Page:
Get advice and help with respect to the administration of the deceased's estate.
The executor of an estate has a number of responsibilities. These responsibilities vary depending on the circumstances, but typically including making funeral arrangements (practically, this is often done by the family), locating and reading the will, locating and preserving the deceased's assets, notifying beneficiaries, preparing a list of assets and liabilities, applying for a certificate of appointment, preparing and filing income tax returns, notifying creditors and paying debts and distributing the estate.
Certificate of Appointment
One of the first steps of an executor is to determine whether a certificate of appointment of estate trustee is required. Under the Rules of Civil Procedure, the definition of "estate trustee" includes an executor. This certificate is issued by the Superior Court of Justice and evidences the validity of a will and the executor's authority to administer the estate or, where there is no will, the validity of the executor's appointment.
If there is a will, a certificate of appointment of estate trustee with a will may need to be obtained. The certificate may be required where title to real property must be transferred, as well as where other persons or financial institutions require the certificate. If possible to do legally, the certificate of appointment (formerly probate) should be avoided as an estate administration tax is levied on the value of the assets governed by the will. The estate administration tax is currently payable at the rate of .5% on the first $50,000 of assets governed by the will and 1.5% on the value of the assets over $50,000. The use of multiple wills is a tax minimization strategy which can be used to reduce the amount of estate administration tax which is payable. In simple terms, two wills are made. The first will deals with assets that require a certificate of appointment. The second will deals with assets that do not require a certificate of appointment, such as shares of a private corporation. Estate administration tax is only payable on the value of assets under the first will.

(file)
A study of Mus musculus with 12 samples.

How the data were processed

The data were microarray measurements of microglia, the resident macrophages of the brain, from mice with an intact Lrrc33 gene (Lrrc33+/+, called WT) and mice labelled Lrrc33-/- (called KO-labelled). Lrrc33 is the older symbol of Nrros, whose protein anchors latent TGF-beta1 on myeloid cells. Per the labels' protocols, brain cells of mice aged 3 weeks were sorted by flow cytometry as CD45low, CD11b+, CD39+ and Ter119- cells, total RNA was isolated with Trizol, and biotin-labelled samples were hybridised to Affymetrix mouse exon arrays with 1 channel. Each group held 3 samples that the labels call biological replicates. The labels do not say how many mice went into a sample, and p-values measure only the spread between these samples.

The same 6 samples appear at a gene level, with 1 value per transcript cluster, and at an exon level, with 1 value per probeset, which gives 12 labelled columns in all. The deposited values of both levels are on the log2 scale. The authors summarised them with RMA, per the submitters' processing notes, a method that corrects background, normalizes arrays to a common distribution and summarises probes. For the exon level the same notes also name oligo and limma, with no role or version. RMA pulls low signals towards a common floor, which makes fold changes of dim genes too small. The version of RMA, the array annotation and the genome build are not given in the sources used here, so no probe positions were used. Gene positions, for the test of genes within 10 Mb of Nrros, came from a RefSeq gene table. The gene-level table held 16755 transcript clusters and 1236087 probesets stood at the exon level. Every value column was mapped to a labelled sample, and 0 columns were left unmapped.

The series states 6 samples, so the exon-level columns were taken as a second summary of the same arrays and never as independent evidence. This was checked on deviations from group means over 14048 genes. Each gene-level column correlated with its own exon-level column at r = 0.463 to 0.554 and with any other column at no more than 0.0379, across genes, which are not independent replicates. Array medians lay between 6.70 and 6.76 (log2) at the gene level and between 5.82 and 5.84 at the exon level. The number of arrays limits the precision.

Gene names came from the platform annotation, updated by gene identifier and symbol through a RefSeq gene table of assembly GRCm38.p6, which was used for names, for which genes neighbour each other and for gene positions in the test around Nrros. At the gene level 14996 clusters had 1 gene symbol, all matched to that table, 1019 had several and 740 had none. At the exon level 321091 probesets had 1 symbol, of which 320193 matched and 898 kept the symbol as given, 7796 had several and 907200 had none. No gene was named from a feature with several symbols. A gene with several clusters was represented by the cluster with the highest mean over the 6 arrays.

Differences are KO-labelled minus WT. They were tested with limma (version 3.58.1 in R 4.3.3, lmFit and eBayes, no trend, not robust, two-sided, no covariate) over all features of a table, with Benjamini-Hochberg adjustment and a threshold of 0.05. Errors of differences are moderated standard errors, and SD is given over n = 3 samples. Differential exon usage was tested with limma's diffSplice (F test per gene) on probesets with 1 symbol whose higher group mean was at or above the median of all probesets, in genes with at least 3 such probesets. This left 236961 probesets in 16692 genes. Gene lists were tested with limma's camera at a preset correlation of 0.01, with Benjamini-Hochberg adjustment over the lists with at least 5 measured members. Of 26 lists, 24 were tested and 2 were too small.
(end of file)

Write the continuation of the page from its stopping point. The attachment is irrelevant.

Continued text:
If the deceased died without a will, a certificate of appointment of estate trustee without a will must be obtained to appoint an estate trustee for the deceased's estate.
Payment of Debts
The executor is responsible for the payment of the estate's debts. The executor should publish a public notice for creditor claims. The protects the executor against personal liability from the claims creditors of the estate.
Filing of Taxes
The executor is responsible for the filing of any unfiled income tax returns within six months from the date of death, as well as the final income tax return for the deceased's final year. The final return is due on the later of April 30th following the date of death; and six months from after the date of death. If the estate earned income, a T3 return will also have to be filed.
As of January 1, 2015, an Estate Information Return must also be filed with the Ontario Ministry of Finance by anyone who receives a certificate of appointment of estate trustee. The return must be filed within 90 days from the date the certificate of appointment is issued.
Passing of Accounts
Unless provided otherwise in a will, an executor is generally entitled to be compensated for the services which they perform. In determining an executor's compensation, the following tariff is used as the guideline:
- 2.5% of capital receipts
- 2.5% of capital disbursements
- 2.5% of revenue receipts
- 2.5% of revenue disbursements
- 0.4% of the average value of the capital of the estate
These amounts may be increased or decreased as appropriate.